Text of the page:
Switching From One SSRI to Another SSRI

Antidepressants, such as SSRIs, can be real-life savers for those of us living with depression and anxiety.

Though these medications can take 4-6 weeks to take full effect, it’s not abnormal to experience their benefits of them sooner. However, if you’ve been taking an antidepressant for this amount of time with no sign of improvement, or if you’ve been taking it for a while and it seems to be losing its effectiveness- it may be time to try something else.

Though there are several medications that are used to treat depression and anxiety, SSRIs are commonly the first line of treatment due to their low side effect profile and tolerability.

If the problem with the SSRI is that the medication used to work, but has lost efficacy, your doctor might consider switching you to another SSRI. Or if the medication you are taking is causing unpleasant or persistent side effects, switching SSRIs may prove beneficial. 

But a change to what? To another SSRI?

Sometimes, yes.

Selective serotonin reuptake inhibitors (SSRIs) such as Prozac® (fluoxetine), Zoloft® (sertraline), Lexapro® (escitalopram), and Celexa ( citalopram), as well as several others, can have varying levels of side effects and effectiveness depending on each individuals response.

For example, one person taking citalopram might find that it has helped tremendously at calming their anxiety, while another might find this exact same medication to be too sedating.

Or take Prozac for example, it is not uncommon for people to lose weight while taking Prozac or remain weight neutral, however, there are people who experience weight gain as a result of taking this medication.

Weight loss or weight gain is a potential side effect of all SSRIs, and can usually be solved through medication adjustments, adding another medication, or switching to something else.

It may sound strange that one SSRI could affect you differently than another SSRI, given that they are all in the same class of medication. Yes, they are all in the same class of medication, but they are chemically different, and thus differ slightly from each other in how they interact with various neurotransmitters such as serotonin, dopamine, and norepinephrine. These differences, however slight, can lead to different side effect profiles.

For example, the SSRI paroxetine, based on clinical evidence, appears to cause the most sedation, and it can also cause a significant amount of weight gain.

Fluvoxamine has been found, on average, to have the most gastrointestinal upset. While, fluoxetine, due to its activating effects has led to weight loss, as well as increased anxiety and agitation.

Therefore, when looking at the exact symptoms of each case of depression and anxiety, it may be better to select one medication over another.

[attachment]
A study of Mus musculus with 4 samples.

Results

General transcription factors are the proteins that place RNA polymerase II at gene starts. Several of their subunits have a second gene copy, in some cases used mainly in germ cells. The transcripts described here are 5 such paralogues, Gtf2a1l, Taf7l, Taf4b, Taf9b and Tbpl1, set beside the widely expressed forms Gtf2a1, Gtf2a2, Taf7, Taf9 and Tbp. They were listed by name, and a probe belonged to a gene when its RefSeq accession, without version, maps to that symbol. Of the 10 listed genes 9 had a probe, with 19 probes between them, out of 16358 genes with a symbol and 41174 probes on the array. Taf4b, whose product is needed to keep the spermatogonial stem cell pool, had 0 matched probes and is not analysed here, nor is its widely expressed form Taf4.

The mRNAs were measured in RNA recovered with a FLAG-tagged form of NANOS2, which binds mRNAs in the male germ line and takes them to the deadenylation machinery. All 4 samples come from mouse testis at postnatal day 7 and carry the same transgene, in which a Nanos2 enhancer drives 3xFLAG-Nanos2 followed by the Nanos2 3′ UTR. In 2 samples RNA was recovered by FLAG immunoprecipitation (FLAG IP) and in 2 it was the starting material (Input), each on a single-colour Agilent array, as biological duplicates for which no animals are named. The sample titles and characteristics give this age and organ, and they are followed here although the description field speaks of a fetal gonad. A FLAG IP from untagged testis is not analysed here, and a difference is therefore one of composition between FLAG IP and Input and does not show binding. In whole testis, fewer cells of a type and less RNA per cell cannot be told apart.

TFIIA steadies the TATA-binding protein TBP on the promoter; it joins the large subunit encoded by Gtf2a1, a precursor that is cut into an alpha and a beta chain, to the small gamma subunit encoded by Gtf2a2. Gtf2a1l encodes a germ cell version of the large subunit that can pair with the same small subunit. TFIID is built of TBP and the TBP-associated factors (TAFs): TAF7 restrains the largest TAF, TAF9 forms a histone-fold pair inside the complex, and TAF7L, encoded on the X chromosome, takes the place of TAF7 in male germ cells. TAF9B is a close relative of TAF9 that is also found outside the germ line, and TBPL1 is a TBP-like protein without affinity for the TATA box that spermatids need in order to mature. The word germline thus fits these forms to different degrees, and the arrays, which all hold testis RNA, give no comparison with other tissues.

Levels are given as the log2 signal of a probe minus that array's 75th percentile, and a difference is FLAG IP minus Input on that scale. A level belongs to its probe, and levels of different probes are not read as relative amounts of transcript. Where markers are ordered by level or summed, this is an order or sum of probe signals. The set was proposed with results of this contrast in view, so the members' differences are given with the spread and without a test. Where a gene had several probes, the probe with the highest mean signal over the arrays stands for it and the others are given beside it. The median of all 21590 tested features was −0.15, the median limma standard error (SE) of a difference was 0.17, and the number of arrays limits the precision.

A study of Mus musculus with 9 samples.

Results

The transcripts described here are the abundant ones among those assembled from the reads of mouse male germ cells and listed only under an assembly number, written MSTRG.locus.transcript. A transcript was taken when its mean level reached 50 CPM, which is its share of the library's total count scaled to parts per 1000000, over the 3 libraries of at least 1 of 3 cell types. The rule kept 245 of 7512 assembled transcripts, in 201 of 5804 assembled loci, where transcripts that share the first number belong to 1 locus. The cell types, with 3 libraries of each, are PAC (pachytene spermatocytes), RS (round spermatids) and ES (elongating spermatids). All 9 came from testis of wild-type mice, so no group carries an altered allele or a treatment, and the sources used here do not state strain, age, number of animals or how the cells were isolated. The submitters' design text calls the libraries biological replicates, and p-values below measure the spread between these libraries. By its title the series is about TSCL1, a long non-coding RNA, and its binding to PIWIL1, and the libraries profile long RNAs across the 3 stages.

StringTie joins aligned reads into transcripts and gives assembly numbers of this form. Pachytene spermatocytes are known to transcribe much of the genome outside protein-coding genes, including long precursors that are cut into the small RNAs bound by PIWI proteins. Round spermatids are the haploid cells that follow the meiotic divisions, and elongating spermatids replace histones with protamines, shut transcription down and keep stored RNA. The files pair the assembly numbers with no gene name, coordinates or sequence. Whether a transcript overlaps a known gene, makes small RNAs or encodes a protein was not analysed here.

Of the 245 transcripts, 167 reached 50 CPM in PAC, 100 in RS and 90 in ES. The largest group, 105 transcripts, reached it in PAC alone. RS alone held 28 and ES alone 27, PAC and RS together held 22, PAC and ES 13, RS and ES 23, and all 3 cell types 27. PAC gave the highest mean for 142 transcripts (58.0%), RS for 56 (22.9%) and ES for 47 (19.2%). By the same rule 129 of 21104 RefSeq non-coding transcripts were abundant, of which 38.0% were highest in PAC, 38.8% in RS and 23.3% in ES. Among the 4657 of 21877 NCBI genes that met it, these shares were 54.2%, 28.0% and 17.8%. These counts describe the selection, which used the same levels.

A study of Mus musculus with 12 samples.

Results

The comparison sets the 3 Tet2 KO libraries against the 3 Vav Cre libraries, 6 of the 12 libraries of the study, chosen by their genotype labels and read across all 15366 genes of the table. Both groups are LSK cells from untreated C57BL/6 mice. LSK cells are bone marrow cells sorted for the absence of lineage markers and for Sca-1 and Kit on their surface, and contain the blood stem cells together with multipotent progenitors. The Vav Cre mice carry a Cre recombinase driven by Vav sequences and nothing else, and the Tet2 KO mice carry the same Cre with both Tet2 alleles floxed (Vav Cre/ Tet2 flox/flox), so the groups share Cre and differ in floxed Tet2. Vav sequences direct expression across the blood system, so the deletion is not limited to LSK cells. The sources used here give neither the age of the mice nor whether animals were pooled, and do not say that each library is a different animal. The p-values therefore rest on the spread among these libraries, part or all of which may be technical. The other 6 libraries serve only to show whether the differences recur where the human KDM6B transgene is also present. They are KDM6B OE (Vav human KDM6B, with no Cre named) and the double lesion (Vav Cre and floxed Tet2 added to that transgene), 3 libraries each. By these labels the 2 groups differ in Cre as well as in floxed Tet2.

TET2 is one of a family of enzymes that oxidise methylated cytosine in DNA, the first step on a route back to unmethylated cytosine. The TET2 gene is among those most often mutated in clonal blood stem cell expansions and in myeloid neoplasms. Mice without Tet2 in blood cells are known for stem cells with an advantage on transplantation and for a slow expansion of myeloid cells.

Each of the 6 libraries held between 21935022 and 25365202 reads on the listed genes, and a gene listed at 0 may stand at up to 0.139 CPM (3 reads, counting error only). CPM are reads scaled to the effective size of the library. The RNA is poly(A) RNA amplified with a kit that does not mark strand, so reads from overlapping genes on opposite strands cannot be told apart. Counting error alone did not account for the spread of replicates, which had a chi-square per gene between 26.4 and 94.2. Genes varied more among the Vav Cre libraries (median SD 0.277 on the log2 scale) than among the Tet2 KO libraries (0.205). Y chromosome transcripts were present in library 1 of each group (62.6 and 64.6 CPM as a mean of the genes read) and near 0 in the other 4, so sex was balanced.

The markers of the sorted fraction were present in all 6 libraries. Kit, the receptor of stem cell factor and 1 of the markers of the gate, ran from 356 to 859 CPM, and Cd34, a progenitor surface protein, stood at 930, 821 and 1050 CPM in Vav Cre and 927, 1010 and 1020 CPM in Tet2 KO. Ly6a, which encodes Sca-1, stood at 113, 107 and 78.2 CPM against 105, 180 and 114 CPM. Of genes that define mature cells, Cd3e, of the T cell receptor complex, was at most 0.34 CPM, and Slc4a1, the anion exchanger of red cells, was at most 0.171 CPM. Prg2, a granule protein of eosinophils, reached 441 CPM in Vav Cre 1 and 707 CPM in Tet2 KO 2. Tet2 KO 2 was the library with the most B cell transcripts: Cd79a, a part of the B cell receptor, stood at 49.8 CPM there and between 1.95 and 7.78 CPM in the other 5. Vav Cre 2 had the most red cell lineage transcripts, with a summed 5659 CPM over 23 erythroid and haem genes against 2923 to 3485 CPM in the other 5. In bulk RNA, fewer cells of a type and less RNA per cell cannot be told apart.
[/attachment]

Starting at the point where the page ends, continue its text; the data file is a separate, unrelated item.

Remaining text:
For those who have depression symptoms and high anxiety that cause symptoms such as insomnia, a more sedating SSRI may be better. For those that have depression that manifests as extreme fatigue, a more activating SSRI may be helpful.

Although it is impossible to anticipate exactly how a given person will respond to a particular SSRI, considering the possible differences in potential side effects, may help in making the most favorable match.

But even with this knowledge, taking an SSRI will come with some patience, watchful waiting, and if need be, a switch to another SSRI that could be a better fit.

Some of the most common reasons that people switch from one SSRI to another are:

–    Lack of effectiveness
–    Sexual side effects such as erectile dysfunction, delayed ejaculation, and difficulty reaching orgasm (anorgasmia).
–    Weight gain. Some side effects, such as weight gain, can occur, and sometimes switching to a different antidepressant may help to reverse any weight gain that occurred.

Whatever the reason for switching from one SSRI to another, it’s important to remember to take a deep breath and relax knowing that this is often just part of the process.

It is not uncommon for a patient to take Zoloft and then switch to Lexapro and later to Prozac, and so on.

Yes, when switching there will be an adjustment period, however, for the most part, this period will be rather brief with side effects that are mild.

When switching your antidepressants, your healthcare provider may recommend switching directly,  cross-tapering, or tapering down your dosage all the way to being off of it completely before starting you on the new medication.

No matter what you and your healthcare provider decide, it is important that you follow the instructions given by your provider on how to switch medications.

By switching medications incorrectly or too quickly, you may increase your risk of experiencing adverse effects, drug interactions, and side effects.

There is also the risk of experiencing serotonin syndrome.

In our next article, we will take a look at what serotonin syndrome is, what causes it, how to avoid it, and what to do if you are experiencing the symptoms of this sometimes fatal reaction.